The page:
Telecommunication companies have seen a spike in the rate at which subscribers use the Short Message Service (SMS) to communicate. Over a period of one month, the number of free SMS that was sent accrued to more than a billion.
The increase in the use of SMS is partly due to the increased need to communicate virtually with people through the Covid-19 lockdown. It is however, majorly because telcos allot a certain number of free SMS to subscribers daily.
MTN does not charge for the first 10 SMS sent daily. This provides ample texting space for people to communicate without paying. This form of communication, besides calls, is a good alternative for people who do not use smartphones and social platforms like Whatsapp and Facebook.
Airtel allowed its users to send free SMS but communicated a fair usage clause. Recall that weeks ago, the Minister of State for Labour and Employment, Festus Keyamo appealed to telcos to provide some sort of palliative to Nigerians in the form of free data or airtime.
However, in place of data and airtime that was requested, the telcos had announced that free SMS was the way forward. Nigerians, however, expressed their displeasure at the offer of free SMS and reiterated their preference for free or subsidized data packages instead.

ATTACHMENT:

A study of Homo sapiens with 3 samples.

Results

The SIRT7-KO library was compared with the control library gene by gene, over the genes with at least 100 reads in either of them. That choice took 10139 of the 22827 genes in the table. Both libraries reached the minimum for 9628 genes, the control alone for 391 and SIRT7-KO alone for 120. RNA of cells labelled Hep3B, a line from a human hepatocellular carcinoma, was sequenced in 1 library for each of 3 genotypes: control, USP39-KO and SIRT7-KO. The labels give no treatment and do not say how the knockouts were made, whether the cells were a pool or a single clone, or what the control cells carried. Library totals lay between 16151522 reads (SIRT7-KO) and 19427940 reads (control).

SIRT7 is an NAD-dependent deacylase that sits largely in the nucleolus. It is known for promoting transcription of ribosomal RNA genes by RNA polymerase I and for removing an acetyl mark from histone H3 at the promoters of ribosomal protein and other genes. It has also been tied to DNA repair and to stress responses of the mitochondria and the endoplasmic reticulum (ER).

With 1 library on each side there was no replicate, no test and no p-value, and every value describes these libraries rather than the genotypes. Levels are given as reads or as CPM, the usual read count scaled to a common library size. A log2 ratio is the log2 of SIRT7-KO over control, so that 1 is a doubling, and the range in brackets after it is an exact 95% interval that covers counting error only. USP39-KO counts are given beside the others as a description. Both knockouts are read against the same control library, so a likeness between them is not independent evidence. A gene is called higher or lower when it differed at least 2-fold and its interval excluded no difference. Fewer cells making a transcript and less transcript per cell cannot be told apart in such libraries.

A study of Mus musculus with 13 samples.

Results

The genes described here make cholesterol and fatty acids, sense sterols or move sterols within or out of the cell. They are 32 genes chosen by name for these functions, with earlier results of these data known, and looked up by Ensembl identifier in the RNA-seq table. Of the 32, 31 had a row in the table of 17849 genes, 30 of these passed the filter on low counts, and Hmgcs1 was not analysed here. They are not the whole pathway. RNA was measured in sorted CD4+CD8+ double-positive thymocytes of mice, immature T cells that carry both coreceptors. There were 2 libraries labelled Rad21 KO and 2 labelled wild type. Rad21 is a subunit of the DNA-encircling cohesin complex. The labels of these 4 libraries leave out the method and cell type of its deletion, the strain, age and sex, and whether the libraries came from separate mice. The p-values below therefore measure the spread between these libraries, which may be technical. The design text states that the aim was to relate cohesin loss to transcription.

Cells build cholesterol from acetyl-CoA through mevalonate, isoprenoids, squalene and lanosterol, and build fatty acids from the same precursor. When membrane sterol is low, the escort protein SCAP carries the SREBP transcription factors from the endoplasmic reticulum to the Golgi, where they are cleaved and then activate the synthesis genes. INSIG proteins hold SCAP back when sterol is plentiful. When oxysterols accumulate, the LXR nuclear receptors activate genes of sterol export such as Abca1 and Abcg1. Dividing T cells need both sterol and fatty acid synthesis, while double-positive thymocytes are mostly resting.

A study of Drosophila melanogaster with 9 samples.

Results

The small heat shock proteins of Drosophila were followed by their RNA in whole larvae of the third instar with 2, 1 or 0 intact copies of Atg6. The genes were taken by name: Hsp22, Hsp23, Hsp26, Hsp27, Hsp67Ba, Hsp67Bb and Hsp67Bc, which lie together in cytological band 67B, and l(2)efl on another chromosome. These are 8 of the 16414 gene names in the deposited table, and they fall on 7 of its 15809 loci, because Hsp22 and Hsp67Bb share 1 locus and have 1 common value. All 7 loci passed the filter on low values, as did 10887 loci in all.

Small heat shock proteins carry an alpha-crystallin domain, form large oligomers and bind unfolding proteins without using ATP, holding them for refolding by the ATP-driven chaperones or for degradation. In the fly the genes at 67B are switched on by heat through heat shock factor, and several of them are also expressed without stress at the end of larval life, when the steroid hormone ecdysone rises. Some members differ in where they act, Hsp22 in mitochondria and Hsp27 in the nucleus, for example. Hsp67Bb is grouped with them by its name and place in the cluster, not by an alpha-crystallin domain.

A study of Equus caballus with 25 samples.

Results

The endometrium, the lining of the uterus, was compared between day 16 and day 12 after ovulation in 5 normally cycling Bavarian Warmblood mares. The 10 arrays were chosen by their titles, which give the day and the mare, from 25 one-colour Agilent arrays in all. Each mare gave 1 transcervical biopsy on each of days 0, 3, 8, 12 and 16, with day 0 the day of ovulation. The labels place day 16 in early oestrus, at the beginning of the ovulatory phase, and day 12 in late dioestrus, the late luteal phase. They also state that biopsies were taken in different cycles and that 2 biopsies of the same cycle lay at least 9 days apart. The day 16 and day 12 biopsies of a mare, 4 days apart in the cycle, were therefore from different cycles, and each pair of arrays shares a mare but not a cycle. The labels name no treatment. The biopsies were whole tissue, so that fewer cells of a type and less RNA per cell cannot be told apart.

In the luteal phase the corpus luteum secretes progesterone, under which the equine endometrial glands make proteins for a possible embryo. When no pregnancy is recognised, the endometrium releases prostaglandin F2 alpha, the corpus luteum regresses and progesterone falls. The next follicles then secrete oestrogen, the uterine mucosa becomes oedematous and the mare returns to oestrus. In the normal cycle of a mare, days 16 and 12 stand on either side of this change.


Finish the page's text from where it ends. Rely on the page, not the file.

The current report on the usage of SMS since it became free shows that mobile subscribers found increased use for it, despite their preference for data and airtime. From the report, at #4 per SMS, the cost of free SMS amounts to #4 billion for MTN.
30% of MTN subscribers and 25% of Airtel subscribers who are not data subscribers form a huge part of the Nigerians being impacted more harshly by the COVID-19. This percentage of people informed the choice of free SMS, and the spike in adoption shows that it indeed comes in handy.